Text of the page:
Canon SX740 HS review - Verdict

Verdict

The Canon PowerShot SX740 HS is an update to the SX730 HS from 2017. As upgrades go, it’s on the conservative side, with Canon’s newer DIGIC 8 processor now providing 4k video and 10fps continuous shooting, but everything else remaining pretty much the same as before. The ‘everything else’ of course includes the powerful 40x stabilised optical zoom, which still outguns the 30x zoom on the Panasonic Lumix TZ90 / ZS70, all the additional reach being a the telephoto end. Close up, the SX740 HS also excels at macro photography, getting within 1cm of the subject.

Other features inherited from the previous model include the 20 Megapixel sensor, which produces pretty good quality photos and video at low ISO sensitivities, but succumbs to noise (or rather loss of image detail as a consequence of noise reduction) fairly quickly as the sensitivity increases. The Lumix TZ90 / ZS70 is no different, but it does offer RAW shooting, meaning you can tweak the processing and fine tune the result if you’re so inclined.

The SX740 HS retains the 3 inch 922k dot screen which flips up and over for low and high angle shooting as well as selfies. The Lumix TZ90 / ZZ70 is equally versatile, but also offers touch control, and this makes a big difference to the handling, particularly being able to touch focus for still and video. One of the most frustrating things about the SX740 HS is the fixed central AF area. Another thing to consider is that in addition to the screen the Lumix TZ90 / ZS70 has a built-in electronic viewfinder, which the SX70 HS lacks.

 

 


The speed boost to 10fps on the SX740 HS is very welcome, and puts it on a par with the Lumix TZ90 / ZS70, however the latter also boasts 4k photo modes which provide a 30fps burst at 8 Megapixel resolution, not to mention Post Focus and Focus Stacking modes.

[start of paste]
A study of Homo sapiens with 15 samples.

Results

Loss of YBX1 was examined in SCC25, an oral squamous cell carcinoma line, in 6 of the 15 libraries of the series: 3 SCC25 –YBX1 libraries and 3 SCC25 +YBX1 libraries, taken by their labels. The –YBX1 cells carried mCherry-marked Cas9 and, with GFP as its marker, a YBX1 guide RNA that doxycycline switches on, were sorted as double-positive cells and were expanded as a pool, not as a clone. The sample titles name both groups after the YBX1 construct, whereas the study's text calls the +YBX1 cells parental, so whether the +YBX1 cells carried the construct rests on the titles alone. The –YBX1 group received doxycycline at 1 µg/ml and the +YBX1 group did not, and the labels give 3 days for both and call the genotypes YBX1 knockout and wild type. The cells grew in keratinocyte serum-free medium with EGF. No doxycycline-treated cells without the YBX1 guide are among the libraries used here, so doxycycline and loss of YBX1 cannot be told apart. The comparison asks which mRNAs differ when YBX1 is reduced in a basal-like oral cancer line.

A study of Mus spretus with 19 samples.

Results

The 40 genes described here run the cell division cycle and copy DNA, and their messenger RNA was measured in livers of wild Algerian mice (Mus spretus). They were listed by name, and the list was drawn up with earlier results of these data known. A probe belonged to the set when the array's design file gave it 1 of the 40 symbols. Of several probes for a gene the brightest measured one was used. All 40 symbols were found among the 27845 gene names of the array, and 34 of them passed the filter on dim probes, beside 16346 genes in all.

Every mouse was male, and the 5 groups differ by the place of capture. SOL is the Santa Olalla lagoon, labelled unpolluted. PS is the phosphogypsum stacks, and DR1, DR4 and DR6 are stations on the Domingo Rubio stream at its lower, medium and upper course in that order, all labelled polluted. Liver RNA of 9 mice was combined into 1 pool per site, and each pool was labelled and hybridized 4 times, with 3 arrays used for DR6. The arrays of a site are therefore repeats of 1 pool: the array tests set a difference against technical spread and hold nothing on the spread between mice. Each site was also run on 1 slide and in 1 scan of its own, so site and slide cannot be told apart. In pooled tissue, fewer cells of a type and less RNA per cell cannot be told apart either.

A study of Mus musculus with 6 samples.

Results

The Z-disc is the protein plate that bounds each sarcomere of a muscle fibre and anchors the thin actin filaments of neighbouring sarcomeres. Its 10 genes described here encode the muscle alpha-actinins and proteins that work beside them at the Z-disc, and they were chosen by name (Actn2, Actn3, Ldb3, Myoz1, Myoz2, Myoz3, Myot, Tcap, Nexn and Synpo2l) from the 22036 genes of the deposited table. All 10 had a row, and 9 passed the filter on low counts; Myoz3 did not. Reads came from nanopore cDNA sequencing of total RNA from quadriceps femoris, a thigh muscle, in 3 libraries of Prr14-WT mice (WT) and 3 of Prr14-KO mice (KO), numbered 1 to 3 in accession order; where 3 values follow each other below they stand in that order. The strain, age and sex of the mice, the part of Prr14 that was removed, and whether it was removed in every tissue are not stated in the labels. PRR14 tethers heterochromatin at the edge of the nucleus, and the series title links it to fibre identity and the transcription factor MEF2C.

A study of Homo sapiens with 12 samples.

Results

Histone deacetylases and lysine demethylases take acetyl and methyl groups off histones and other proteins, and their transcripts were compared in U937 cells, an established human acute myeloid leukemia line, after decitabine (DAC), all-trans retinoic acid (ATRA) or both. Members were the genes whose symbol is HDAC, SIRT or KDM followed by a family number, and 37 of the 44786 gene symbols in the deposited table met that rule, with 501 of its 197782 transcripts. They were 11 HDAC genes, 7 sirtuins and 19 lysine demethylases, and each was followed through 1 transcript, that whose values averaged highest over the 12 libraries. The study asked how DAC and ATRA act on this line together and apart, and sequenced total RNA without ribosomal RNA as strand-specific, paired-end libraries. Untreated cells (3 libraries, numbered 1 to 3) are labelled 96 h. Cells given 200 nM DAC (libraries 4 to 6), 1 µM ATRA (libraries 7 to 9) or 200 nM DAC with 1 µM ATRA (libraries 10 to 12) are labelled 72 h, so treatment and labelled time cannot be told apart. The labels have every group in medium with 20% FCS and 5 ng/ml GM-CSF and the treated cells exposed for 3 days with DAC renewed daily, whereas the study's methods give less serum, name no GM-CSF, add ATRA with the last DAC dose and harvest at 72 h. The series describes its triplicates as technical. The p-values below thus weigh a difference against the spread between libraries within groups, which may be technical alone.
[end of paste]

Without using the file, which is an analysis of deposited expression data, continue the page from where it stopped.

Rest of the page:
Both models are equipped with Wifi, allowing you to download images to your phone and remotely control the camera. The SX740 HS offers a good degree of control for remote shooting over Wifi and the Bluetooth connection allows transfer of images while you shoot plus tagging with location data from your phone. But the Panasonic app remains the Gold Standard for live control over Wifi.

In terms of handling, the Lumix TZ90 / ZS70 is, in a lot of ways, a more sophisticated camera. It has more physical controls including a lens ring and four programmable function buttons (compared with none on the Canon), and the touch screen provides further customisable controls.

Depending on where you shop, you can actually get the Lumix TZ90 / ZS70 for a roughly similar or even slightly lower price thanks to the difference in age. That’s great value if what you’re looking for is a more sophisticated compact with a touch screen and built-in viewfinder, and if the slightly shorter zoom doesn’t bother you. If you like what the SX740 HS has to offer, but not the price, then you can make an even bigger saving with the older SX730 HS, and all you’ll be sacrificing is 4k video and faster continuous shooting. You’ll probably have to get in quick though, as I doubt that option will be open for too long.

 

Canon PowerShot SX40 HS final Verdict

The Canon Powershot SX740 HS is a pocket super-zoom with a 20 Megapixel sensor and a huge 40X zoom range extending from 24 – 960mm. If it’s the longest zoom in a pocketable compact you’re looking for, you won’t be disappointed. The SX740 HS offers PASM exposure modes, fast 10fps continuous shooting, 4k video, and has a flip up screen that’s great for selfie shooting. On the downside, the 4k video involves a tight crop that may make the effective telephoto reach even longer, but makes the short-end much less wide than when filming in 1080p. To be fair the same restriction applies to the Lumix TZ90 / ZS70 and overall the SX40 HS provides a good balance between simplicity and sophistication for those who like a little bit of control, but are equally happy relying on Auto. Recommended, but also consider its main rival the Lumix TZ90 / ZS70 which may have a slightly shorter range, but offers more physical controls, a touch screen, RAW support and a built-in viewfinder, all for a roughly similar price thanks to being an older model. It’s also worth remembering if you don’t need 4k video or the 10fps bursts, Canon’s previous SX730 HS offers much the same features at a slightly lower price while stocks last.

Check prices on the Canon SX740 HS at Amazon, B&H, Adorama, or Wex. Alternatively get yourself a copy of my In Camera book or treat me to a coffee! Thanks!